Saturday, June 2, 2018

Price Of Gas

                                                                                                written 27 May, 2018
                                                                                                published 2 Jun 2018

            The price of gasoline is going up.  My standard of reference is Chevron regular, at $3.59/gallon last time I looked.  The increase is caused by global pressures on oil prices, due to physical, economic, and political forces.  Last week the price for benchmark Brent crude oil hit $80/barrel, the first time since 2014.
            The global economic recession after the 2008 crash lowered the demand for oil, but production remained the same, creating a worldwide glut, which depressed prices.  This was good for the consumer, but oil producers were hard hit.  For decades, discovery of new oil has not kept pace with depletion of existing oil fields.  The search for new oil is expensive, and it can take years to develop a new field.  This costs more energy and money because easily accessible oil has been found and, in many cases, already depleted.  The new operations lose money when market prices are low, but loans borrowed to finance the development must still be paid, so production continues.
            Fracking is a tertiary extraction method to get the last drops of oil out of the ground.  It is expensive to drill the wells and pump sand to fracture the rock so oil can be retrieved.  Individual deposits are relatively small and well production drops off within a few years, so new wells must be constantly drilled.  The oil industry claims this can go on for decades, but sceptics point out that current output comes from drilling the productive "sweet" spots, which are now mostly developed.  Heavy investment in fracking generated a boom in US oil production, but at a loss of $250B to date.  Higher oil prices are required to make fracking profitable.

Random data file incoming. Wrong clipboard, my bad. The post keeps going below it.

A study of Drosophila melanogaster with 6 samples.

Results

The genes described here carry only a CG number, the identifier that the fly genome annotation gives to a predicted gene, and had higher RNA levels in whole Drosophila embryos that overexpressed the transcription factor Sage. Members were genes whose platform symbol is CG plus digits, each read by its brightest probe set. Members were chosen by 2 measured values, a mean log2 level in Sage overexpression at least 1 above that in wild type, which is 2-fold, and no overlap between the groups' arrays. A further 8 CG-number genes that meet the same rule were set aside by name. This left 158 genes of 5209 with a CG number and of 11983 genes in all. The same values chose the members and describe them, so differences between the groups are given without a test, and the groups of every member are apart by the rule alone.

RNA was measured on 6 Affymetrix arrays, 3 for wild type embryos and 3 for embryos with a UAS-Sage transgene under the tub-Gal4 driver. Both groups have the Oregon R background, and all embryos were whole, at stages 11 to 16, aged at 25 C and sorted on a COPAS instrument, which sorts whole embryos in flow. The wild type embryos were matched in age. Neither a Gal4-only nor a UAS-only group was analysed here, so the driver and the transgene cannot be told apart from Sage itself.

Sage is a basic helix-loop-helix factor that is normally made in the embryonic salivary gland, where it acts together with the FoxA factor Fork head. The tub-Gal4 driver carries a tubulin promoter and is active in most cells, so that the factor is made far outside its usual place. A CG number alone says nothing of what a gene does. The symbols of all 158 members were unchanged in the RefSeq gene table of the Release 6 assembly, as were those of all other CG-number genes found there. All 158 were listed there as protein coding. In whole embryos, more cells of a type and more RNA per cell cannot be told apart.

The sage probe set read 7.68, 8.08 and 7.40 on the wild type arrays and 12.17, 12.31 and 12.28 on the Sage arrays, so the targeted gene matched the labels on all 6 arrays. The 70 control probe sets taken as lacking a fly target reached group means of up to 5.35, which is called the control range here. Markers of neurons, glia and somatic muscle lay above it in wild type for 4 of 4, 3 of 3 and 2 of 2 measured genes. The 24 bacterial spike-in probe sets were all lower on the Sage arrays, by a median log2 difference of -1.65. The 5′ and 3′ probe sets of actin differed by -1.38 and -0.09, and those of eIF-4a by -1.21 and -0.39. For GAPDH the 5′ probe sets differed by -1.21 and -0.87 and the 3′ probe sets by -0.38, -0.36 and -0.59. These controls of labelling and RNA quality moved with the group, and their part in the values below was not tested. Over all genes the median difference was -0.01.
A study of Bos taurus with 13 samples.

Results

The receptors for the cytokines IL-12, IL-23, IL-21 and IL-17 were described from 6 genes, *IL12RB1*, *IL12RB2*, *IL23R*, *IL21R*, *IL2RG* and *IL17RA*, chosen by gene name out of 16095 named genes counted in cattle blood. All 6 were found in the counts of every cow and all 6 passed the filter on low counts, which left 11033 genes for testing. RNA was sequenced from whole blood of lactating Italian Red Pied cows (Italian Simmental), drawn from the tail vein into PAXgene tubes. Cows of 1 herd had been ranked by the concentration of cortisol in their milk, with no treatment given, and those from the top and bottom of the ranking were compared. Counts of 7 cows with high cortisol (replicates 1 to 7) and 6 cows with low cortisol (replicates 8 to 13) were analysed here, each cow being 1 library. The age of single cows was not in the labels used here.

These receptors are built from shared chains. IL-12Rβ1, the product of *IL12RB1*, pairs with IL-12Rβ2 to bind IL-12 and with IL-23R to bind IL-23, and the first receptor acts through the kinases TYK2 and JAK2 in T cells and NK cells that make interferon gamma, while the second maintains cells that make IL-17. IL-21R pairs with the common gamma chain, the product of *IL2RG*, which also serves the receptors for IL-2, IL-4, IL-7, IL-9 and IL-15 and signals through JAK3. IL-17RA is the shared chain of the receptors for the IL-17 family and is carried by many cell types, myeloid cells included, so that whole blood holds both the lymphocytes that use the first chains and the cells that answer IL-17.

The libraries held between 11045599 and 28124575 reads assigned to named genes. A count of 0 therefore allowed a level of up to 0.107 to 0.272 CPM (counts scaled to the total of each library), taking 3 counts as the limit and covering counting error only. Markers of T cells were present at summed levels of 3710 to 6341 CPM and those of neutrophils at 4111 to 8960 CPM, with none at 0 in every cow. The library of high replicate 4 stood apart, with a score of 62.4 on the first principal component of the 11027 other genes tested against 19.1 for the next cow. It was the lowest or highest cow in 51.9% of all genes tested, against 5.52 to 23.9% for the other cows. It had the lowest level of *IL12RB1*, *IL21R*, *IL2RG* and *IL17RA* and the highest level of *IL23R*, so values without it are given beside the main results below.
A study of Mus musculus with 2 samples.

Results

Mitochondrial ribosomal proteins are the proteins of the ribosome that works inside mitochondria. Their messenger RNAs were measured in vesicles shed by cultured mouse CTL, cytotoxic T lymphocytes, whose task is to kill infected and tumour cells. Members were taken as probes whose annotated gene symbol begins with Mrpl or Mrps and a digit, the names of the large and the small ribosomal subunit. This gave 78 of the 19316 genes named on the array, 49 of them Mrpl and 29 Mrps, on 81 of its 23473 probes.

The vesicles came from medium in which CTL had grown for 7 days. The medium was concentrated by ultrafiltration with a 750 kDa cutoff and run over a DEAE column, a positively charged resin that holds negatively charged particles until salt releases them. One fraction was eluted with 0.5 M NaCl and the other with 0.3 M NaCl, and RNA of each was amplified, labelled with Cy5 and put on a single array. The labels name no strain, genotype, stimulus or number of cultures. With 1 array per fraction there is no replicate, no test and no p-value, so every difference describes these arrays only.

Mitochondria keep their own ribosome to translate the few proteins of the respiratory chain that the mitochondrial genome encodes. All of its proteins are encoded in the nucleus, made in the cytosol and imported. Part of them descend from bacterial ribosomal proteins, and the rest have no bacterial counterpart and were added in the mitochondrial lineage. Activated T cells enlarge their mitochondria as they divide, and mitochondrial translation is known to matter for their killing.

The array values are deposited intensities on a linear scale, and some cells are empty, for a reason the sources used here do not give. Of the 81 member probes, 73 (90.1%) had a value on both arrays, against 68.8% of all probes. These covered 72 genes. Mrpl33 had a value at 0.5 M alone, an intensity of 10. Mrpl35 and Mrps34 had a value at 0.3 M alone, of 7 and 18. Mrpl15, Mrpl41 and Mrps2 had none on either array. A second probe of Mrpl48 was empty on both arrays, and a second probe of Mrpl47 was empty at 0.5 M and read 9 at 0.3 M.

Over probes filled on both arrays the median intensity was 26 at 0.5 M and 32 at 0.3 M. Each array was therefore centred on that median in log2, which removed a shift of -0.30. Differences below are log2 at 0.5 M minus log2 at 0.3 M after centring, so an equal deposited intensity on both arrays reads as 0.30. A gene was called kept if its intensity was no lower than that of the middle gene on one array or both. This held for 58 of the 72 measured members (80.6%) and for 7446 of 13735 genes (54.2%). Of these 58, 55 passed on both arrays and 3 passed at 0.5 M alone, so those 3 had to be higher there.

Few global oil producers make a profit with low oil prices.  Saudi Arabia organized an OPEC production slowdown in 2016, to reduce global oil supply.  This slowdown and growing oil consumption due to increased global economics, depleted the oversupply and oil prices rose.  While higher prices are good for oil producing countries and corporations, they are not good for the global economy.  Oil is a fundamental part of the economy and if it is too expensive, the economy can't function.  Sudden changes in oil pricing can be economically disruptive. 
            By June 2008, the price of oil had doubled to $160/barrel over the previous 18 months.  The US economy was fragile, over extended with massive debt in the subprime housing market, and the rapid increase in oil prices popped the bubble.
            There are similar global conditions today.  A recent column in the UDJ pointed out the precarious condition of the Argentine economy.  The global economy is connected, so a collapse in one place affects the whole world.  Real estate prices in the US are approaching pre-crash levels, almost doubling in the last 6 years, while wages are stagnant, and there is increasing debt in sub-prime auto loans.  The Chinese economy was booming in 2008, which helped the global economy recover, but China is growing more slowly today.  In 2008, the Fed lowered interest rates and threw trillions of dollars into the economy to prevent a depression.  Interest rates today are already low, and the national debt is more than twice as large, so the options are reduced.
            2018 global oil consumption is 99 million barrels/day.  With little stored supply, the market is tight, and reduction in production due to geopolitics, can cause abrupt increases in prices.  The decline of the Venezuelan economy has reduced their oil production by half, with risk of a compete production collapse.  The US withdrawal from the Iran nuclear treaty and re-imposition of economic sanctions, will reduce Iranian production.  Moving the US embassy to Jerusalem further inflamed tension in the area.  The threat of an Israeli/Iranian war is a real concern, which would likely reduce production in the entire region.  Any of these situations could cause a sudden reduction in oil supply, causing a sharp rise in prices, and renewed economic upheaval.
            We are stuck with the fact that oil prices the consumers can afford are too low for oil producers to make a profit, and prices that profit the oil industry are too high for our debt-ridden economy to carry.